Kidnapppers Demand 500Million Naira As Ransom To Release Pres Jonathan’s Father

Presidenyt Goodluck Jonathan’s Adopted father who is also his cousin was kidnapped earlier this week, the kidnappers have finally requested a ransom of 500Million Naira.

Read Sahara reporters report below:

Abductors of Inengite Nitabai, the 70-year old uncle of President Goodluck Jonathan, have demanded a N500m ransom.A security source said that the abductors threatened to kill him if the family fails to produce the money.

The source also said the family had constituted a committee to evaluate the demand, establish negotiations with the abductors and facilitate his release.He said the kidnappers had also warned against the involvement of security operatives in the matter.

“The kidnappers contacted the family four days after and demanded a whopping sum of N500m. It is believed that the family of the victim has begun negotiations with the hoodlums,” he said.

Tension and panic set in when the kidnappers failed to establish any contact with the family of their victim three days after he was abducted.That development was said to have rattled the Presidency, which reportedly ordered a massive deployment of security in Otuoke, the hometown of the Jonathans, and the Niger Delta creeks.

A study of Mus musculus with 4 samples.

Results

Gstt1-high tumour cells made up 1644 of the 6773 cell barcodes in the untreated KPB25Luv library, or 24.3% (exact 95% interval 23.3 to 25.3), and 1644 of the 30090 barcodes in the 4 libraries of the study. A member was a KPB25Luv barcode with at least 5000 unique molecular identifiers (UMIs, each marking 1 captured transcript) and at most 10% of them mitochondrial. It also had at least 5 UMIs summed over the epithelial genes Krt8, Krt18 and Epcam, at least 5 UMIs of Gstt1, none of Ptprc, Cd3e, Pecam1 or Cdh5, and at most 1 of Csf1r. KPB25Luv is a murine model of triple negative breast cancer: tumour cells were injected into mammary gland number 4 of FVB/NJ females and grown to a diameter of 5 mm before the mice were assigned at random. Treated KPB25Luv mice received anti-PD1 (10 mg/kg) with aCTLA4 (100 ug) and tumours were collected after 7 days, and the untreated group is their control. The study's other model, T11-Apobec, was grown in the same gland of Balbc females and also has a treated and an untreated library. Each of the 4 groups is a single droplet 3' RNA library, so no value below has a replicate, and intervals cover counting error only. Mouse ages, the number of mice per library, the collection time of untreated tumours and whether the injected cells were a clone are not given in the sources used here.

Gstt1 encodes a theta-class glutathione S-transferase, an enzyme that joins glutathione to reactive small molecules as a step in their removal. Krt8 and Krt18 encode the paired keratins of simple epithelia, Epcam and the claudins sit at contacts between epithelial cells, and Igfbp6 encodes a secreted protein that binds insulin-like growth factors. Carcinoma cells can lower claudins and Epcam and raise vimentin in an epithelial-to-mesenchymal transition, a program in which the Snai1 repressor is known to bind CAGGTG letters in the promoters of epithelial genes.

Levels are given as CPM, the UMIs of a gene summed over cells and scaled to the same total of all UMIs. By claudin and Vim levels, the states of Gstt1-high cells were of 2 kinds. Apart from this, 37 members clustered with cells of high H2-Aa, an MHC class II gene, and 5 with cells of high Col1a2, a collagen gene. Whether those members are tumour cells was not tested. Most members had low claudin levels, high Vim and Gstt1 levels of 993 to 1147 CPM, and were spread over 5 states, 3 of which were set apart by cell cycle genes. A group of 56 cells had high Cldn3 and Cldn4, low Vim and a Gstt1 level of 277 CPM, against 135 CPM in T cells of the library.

The gunmen abducted Nitabai on Sunday after collecting about N400,000 from his wife.It would be recalled that on October 14 last year, Augusta Douglas Ayam, the sister of Mr. Oronto Douglas, the Special Advisor to President Jonathan on Research and Strategy, was also kidnapped in the same area.

She was released after nine days, and the Movement for the Emancipation of the Niger Delta MEND, claiming to have made accidental contact with the kidnappers, confirmed that the Jonathan government paid $200,000 US as ransom for her release.

The movement said the kidnappers wanted to use the incident to make a political statement, as they were disgusted at the ostentation they had witnessed during the burial of Oronto’s father in December last year.  That event featured the widespread use of government equipment, including free use of military helicopters to shuttle guests and merchandise.

It was on one of those trips that Kaduna State Governor, Patrick Yakowa, and former National Security Adviser Andrew Owoye Azazi died in a crash.